Jan 9, 2013
The weather is beautiful in Las Vegas as nearly 150,000 registered attendees flock to the 2013 Consumer Electronic Show. Products and services are displayed over 1.8 million square-feet of floor space at three primary venues: the sprawling Las Vegas Convention Center; the Las Vegas Hotel next door (formerly the Hilton); and The Venetian about a mile down the Strip. The show runs through Friday.
Smartphones, tablets, and large TVs dominate 2013 CES. The iPhone remains the standard against which all smartphones are compared. Manufacturers exhibiting at CES are showing thinner and larger smartphones. Tablets are incorporated into ultrabooks and hybrid PCs, with some designs using hinges and others with tablets that snap on and fold over a keyboard. There are cinema-quality flat screens TVs that can be controlled by voice commands and gestures. Manufacturers are still promoting 3D TVs and the high-picture-quality OLED (organic light-emitting diode) TVs.
Samsung is the most prominent exhibitor this year. As the Apple-fighter, Samsung seems to have extra panache this year setting it apart. The Galaxy Note tablet and Galaxy Note II smartphone are attracting lots of attention.
If anyone at CES is missing Apple and Microsoft as exhibitors, I have not noticed. The iLounge area of the show contains hundreds of accessory products for the iPod, iPhone, and iPad, demonstrating Apple’s huge impact on the industry.
Microsoft, incidentally, is absent from CES for the first time in 14 years. Its software operates many of the products on display here but its own hardware products, such as the Surface tablet, are not a factor at CES.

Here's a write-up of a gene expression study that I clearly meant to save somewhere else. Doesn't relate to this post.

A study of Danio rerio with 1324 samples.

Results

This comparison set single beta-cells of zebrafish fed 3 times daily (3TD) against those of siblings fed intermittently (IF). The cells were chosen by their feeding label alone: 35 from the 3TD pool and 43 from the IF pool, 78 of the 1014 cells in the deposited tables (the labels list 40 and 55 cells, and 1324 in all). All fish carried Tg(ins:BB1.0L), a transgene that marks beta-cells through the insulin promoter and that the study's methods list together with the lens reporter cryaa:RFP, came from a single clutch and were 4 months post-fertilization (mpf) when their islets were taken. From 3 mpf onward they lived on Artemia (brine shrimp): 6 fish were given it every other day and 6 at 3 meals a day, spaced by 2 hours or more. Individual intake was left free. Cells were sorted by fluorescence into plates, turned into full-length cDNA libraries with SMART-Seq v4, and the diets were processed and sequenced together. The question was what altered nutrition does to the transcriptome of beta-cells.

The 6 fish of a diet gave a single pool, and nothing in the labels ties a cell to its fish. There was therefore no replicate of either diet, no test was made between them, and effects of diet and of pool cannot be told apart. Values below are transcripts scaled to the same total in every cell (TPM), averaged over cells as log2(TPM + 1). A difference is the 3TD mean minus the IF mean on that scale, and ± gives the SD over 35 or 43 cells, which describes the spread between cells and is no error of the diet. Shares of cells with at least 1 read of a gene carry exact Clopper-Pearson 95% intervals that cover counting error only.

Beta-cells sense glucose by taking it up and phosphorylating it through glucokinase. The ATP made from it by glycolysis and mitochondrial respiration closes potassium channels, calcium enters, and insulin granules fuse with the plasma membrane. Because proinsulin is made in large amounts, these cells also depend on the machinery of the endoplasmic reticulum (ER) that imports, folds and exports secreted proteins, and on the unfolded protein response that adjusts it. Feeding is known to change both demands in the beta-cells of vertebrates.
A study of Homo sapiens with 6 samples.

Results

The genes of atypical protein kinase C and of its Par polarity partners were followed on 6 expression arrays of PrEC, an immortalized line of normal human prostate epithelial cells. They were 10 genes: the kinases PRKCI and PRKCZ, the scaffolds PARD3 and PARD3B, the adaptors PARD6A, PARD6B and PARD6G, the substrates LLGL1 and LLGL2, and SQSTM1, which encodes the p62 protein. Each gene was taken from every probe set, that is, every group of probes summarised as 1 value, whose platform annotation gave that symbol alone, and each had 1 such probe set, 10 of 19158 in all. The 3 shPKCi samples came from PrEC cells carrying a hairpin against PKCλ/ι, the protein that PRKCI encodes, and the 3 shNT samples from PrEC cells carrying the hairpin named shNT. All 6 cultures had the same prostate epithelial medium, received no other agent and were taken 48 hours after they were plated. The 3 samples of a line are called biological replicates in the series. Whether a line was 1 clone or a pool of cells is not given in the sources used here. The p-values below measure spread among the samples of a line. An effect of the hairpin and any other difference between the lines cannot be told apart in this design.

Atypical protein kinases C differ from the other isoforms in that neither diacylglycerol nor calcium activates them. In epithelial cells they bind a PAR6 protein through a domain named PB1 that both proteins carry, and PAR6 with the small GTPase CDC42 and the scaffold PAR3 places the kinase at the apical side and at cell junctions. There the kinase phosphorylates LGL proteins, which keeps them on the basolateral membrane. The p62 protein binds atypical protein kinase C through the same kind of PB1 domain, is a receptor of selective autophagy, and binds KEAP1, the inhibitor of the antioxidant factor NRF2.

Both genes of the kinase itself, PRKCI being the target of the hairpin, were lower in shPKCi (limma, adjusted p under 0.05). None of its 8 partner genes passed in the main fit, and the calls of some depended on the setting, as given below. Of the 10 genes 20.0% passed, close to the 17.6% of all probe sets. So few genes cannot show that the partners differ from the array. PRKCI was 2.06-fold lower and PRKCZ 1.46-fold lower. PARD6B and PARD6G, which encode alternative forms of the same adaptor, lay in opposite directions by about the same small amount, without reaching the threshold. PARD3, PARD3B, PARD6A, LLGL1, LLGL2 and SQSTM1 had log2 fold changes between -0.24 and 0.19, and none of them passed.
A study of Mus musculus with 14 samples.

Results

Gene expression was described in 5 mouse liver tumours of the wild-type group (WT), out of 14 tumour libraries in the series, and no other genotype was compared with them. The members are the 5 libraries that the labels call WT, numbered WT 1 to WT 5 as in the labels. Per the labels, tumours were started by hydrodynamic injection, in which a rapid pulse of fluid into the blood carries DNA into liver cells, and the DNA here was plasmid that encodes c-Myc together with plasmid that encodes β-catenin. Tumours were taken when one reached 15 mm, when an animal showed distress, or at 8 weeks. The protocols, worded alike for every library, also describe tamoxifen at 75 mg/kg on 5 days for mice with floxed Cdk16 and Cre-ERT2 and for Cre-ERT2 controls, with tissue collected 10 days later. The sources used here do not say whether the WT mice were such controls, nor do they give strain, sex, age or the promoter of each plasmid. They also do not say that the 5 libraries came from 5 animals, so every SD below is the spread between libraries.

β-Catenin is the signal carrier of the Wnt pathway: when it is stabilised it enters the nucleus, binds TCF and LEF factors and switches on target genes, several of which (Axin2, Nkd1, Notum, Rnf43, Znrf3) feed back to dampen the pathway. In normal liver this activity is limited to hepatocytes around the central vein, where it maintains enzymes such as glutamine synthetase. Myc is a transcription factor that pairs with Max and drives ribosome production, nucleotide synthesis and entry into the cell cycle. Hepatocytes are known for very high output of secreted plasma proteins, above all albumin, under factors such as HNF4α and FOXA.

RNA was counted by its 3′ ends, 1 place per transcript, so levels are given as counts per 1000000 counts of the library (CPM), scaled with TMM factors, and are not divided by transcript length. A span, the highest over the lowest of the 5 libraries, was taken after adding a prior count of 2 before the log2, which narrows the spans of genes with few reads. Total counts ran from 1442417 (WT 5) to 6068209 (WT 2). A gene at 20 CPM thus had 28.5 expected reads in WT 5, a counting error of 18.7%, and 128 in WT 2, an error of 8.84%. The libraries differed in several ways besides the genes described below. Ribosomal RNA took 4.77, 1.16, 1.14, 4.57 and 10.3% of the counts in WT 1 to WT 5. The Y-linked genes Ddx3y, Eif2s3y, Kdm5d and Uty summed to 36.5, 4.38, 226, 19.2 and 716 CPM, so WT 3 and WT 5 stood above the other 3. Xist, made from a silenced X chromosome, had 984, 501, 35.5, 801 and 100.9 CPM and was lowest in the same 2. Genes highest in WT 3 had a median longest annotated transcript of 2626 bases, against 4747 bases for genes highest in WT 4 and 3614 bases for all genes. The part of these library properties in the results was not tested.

The situation with Google is somewhere in between Apple and Microsoft. Google does not have a booth displaying its products but is listed as an exhibitor with a small meeting space. Google’s Android 4.1 and 4.2 operating systems are in many new, non-Apple smartphones. The large TV manufacturers at CES mildly promote Google TV. At the same time, expectations are lower for Google because it does not have software or hardware products that consumers buy directly from Google.
The big three U.S. auto manufacturers — Ford, Chrysler, and General Motors — are here promoting their in-car electronic and communications systems that have become very influential on new car purchases. Ford is also displaying its electric vehicles and the user-friendly charging equipment that you could have in your garage.
CES also promotes innovation. Years ago, for example, CES promoted using USB technology. Today, 2013 CES has a series of “tech-zones” that promote new technologies such as the high-definition multimedia interface (HDMI) and the microelectromechanical systems (MEMS) being used in smartphones and cutting-edge consumer electronic devices.
Finally, 2013 CES offers keynote addresses by industry leaders and a surprising number of panel discussions with industry and government representatives. I will attend the keynote address by Samsung’s president to see what he has to say about the litigation with Apple (nothing, I’m sure) and the session with FCC Chairman Julius Genachowski discussing broadband, spectrum and other regulatory issues affecting consumer electronics.